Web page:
Secretary of State Kevin Shelley said in a news conference that counties had reported 1.3 million valid petition signatures, well more than the 897,158 required for the recall to make it on the ballot. Lt. Gov. Cruz Bustamante was expected Thursday to schedule an election, which could be held as early as Sept. 23.
Davis is a career politician who is less than one year removed from winning a second consecutive term, but his popularity has plunged in recent months amid California's $38 billion budget deficit, its energy crisis and its slumping economy.
He branded the Republican-led drive to oust him "a hostile takeover by the right" and said he will fight and win. "In a strange way, this has got my juices flowing," he said Wednesday. "I'm a fighter."
The only declared major-party candidate so far is Rep. Darrell Issa, R-Calif., who bankrolled the recall drive. Other potential Republican candidates include businessman Bill Simon, who lost to Davis in November, and actor Arnold Schwarzenegger.
The state's Democratic officeholders have closed ranks behind Davis and say they will not run.
The ballot would have two parts: The first section would ask people to vote yes or no on whether to recall Davis and the second would provide a list of candidates to choose from in the event he is recalled.
If a majority of voters support the recall, Davis would be replaced by the candidate with the most votes, meaning a candidate in a large field could be elected governor with a relatively small percentage of the overall vote.
But Bustamante suggested Wednesday that he may not have the power to set an election to choose a replacement candidate. "The authority I have is to set the date, but not the other," he said. "I don't think I have any other authority."
Bustamante says the decision on a replacement candidate should be up to the state Supreme Court or an obscure five-member body known as the Commission on the Governorship.
Davis allies appealed to the state Supreme Court on Wednesday to block the recall from making the ballot, alleging illegal signature gathering by recall backers, but the court was not expected to act immediately. Some experts thought the legal fight might at least delay certification long enough that Bustamante could consolidate the election with the state's March presidential primary, when a heavy Democratic turnout could help Davis.
Both sides were preparing for a bruising and costly recall election.
Issa said he expected the governor to be recalled "by a substantial margin."
"The only thing that's in doubt is who will replace him," said Issa. He planned to return from Washington on Thursday or Friday, earlier than expected, to formally enter the race, his spokesman said.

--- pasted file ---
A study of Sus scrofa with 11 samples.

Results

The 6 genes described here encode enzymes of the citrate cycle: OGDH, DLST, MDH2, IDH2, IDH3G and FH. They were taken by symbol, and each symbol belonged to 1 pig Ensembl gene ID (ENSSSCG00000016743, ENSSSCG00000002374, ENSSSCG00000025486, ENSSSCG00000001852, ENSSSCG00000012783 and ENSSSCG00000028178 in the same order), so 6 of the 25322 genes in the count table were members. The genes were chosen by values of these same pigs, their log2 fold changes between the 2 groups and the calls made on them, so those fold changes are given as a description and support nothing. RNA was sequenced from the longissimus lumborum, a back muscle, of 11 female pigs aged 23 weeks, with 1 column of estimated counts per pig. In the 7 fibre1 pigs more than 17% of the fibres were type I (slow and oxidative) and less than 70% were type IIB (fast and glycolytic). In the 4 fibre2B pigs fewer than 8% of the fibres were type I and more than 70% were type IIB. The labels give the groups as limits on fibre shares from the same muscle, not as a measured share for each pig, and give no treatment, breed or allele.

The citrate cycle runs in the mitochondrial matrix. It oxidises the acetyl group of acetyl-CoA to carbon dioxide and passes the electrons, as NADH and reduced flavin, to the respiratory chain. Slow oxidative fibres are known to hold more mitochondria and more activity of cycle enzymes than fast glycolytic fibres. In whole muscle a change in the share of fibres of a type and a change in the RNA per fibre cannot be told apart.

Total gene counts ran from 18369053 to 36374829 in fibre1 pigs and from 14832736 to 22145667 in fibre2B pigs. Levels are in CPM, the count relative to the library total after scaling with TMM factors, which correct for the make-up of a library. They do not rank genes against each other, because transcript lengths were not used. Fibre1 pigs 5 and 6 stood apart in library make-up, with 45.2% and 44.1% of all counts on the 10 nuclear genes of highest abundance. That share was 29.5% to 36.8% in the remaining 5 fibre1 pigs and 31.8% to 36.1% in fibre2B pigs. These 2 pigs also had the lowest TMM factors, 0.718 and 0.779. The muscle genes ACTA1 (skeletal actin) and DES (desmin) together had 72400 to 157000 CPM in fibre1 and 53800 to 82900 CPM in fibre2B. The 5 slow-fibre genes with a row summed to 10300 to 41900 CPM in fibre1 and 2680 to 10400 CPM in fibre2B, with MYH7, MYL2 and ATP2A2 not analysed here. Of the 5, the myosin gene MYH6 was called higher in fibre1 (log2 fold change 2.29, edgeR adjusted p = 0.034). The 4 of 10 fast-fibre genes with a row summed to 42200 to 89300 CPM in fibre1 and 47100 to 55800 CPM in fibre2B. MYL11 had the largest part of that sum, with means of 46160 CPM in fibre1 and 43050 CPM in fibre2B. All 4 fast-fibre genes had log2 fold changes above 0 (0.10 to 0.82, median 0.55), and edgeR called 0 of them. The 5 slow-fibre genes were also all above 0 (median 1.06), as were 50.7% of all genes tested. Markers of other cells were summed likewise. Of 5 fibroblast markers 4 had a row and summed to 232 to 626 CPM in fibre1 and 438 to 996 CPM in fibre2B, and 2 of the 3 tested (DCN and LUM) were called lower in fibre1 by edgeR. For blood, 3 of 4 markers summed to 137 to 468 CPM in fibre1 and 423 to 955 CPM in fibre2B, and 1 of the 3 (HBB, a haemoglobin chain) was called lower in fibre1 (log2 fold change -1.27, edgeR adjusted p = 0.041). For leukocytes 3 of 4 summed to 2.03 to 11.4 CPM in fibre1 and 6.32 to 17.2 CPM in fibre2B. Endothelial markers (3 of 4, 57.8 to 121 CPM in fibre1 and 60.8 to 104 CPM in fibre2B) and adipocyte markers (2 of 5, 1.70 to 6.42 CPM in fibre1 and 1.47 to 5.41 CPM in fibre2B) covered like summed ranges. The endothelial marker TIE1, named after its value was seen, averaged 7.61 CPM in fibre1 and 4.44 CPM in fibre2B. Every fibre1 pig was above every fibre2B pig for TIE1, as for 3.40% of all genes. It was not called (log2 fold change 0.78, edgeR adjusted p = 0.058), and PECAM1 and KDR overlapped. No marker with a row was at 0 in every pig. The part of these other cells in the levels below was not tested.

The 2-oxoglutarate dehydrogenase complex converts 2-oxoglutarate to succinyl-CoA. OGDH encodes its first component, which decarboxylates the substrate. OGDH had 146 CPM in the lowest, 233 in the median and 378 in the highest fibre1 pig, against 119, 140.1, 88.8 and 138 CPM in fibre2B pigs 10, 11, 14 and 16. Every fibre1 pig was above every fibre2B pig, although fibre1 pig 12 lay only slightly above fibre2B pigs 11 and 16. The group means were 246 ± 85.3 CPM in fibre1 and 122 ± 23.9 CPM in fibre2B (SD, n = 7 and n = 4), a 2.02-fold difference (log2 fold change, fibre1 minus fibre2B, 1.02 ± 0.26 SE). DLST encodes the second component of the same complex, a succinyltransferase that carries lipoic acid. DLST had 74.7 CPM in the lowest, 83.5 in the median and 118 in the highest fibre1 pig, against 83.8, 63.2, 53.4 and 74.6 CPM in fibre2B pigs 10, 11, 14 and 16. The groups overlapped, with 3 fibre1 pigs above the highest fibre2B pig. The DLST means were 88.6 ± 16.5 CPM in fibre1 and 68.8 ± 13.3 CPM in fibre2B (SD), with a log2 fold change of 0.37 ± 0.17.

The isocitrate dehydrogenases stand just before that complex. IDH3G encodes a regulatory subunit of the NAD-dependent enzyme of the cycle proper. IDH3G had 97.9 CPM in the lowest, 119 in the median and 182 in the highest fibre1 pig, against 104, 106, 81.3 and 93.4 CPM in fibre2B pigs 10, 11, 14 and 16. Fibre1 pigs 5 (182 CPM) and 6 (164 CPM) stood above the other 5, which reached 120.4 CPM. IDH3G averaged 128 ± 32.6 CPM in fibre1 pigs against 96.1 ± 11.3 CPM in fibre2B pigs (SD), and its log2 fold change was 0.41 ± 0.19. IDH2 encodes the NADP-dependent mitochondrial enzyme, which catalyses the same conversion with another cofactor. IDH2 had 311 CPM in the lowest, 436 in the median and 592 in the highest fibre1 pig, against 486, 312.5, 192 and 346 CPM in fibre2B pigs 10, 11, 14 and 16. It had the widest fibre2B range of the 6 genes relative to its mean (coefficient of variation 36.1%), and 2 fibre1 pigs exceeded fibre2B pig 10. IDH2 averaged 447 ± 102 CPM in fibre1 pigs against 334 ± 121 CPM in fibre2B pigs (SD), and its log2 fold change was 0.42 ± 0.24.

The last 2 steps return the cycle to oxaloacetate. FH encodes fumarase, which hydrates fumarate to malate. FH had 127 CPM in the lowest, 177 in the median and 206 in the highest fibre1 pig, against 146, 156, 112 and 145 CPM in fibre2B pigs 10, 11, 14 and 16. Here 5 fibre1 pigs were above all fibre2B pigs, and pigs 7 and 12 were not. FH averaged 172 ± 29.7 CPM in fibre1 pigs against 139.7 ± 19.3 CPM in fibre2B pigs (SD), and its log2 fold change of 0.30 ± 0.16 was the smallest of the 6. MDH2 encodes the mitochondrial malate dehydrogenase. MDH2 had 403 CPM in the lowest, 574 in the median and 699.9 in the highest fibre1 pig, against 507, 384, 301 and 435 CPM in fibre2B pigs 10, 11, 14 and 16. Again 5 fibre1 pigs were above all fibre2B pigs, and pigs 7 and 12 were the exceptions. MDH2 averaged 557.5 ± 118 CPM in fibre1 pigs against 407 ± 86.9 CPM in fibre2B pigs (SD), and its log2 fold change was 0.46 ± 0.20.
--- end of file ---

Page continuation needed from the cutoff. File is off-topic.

In a statement released Wednesday afternoon, Schwarzenegger's top political adviser said the actor had not yet made up his mind on whether to run, while Simon said he would announce his plans on Saturday.
Recent polls have indicated that while the vote would be close, Davis would lose in a recall. The last gubernatorial recall election was in 1921, when North Dakota Gov. Lynn J. Frazier was removed from office.
With the recall's certification now official, California could once again set an example — for better or worse — for the rest of the country, just as it did in 1978 when Proposition 13 launched tax revolts across America.
Although he was elected to his first term in 1998 by a landslide, Davis' standing slipped during California's energy crisis of 2000-01. A budget crisis further eroded his popularity and he won re-election by just 5 points in November over Simon, a political novice.
This year's $38.2 billion budget deficit has already caused the state's car tax to triple, and Davis' approval rating has plummeted further.
But the real fuel for the recall came from Issa, who pumped $1.71 million of his fortune from a car-alarm business into the drive starting in May. That transformed it from a long-shot nursed by Republican activists into a reality. Thirty-one previous attempts to recall California governors had failed to reach the ballot.
The involvement of Issa, a little-known conservative, has allowed Davis and his allies to cast the recall as a right-wing attempt to hijack the Democrat-dominated state.
Polls have also shown that voters are also concerned about the $30 million to $35 million cost of a special election, and about the prospect that a candidate could win with relatively few votes.
Recall proponents argue that the cost of Davis' mismanagement of the state greatly outweighs the cost of a special election. They accuse him of lying about the size of the budget deficit to win re-election, which he denies.
With his approval ratings hovering in the low 20s, Davis acknowledged Wednesday that he has not "done everything perfect," but vowed that he will fight and win the election.
"Remember, there's a lot more people willing to vote against the recall than there are who think I'm doing a good job," Davis said. "If you look at those voters, they say, 'It's not fair to blame this on the governor.' It's that sense of fairness that I think will carry the day."
An experienced and often aggressive campaigner, Davis said that in recent days he had become energized by the prospect of taking on Republicans in the recall.
"My political obituary has been written at least once a year. The voters, however, have responded different and have put me in office because they have supported what I've done," he said.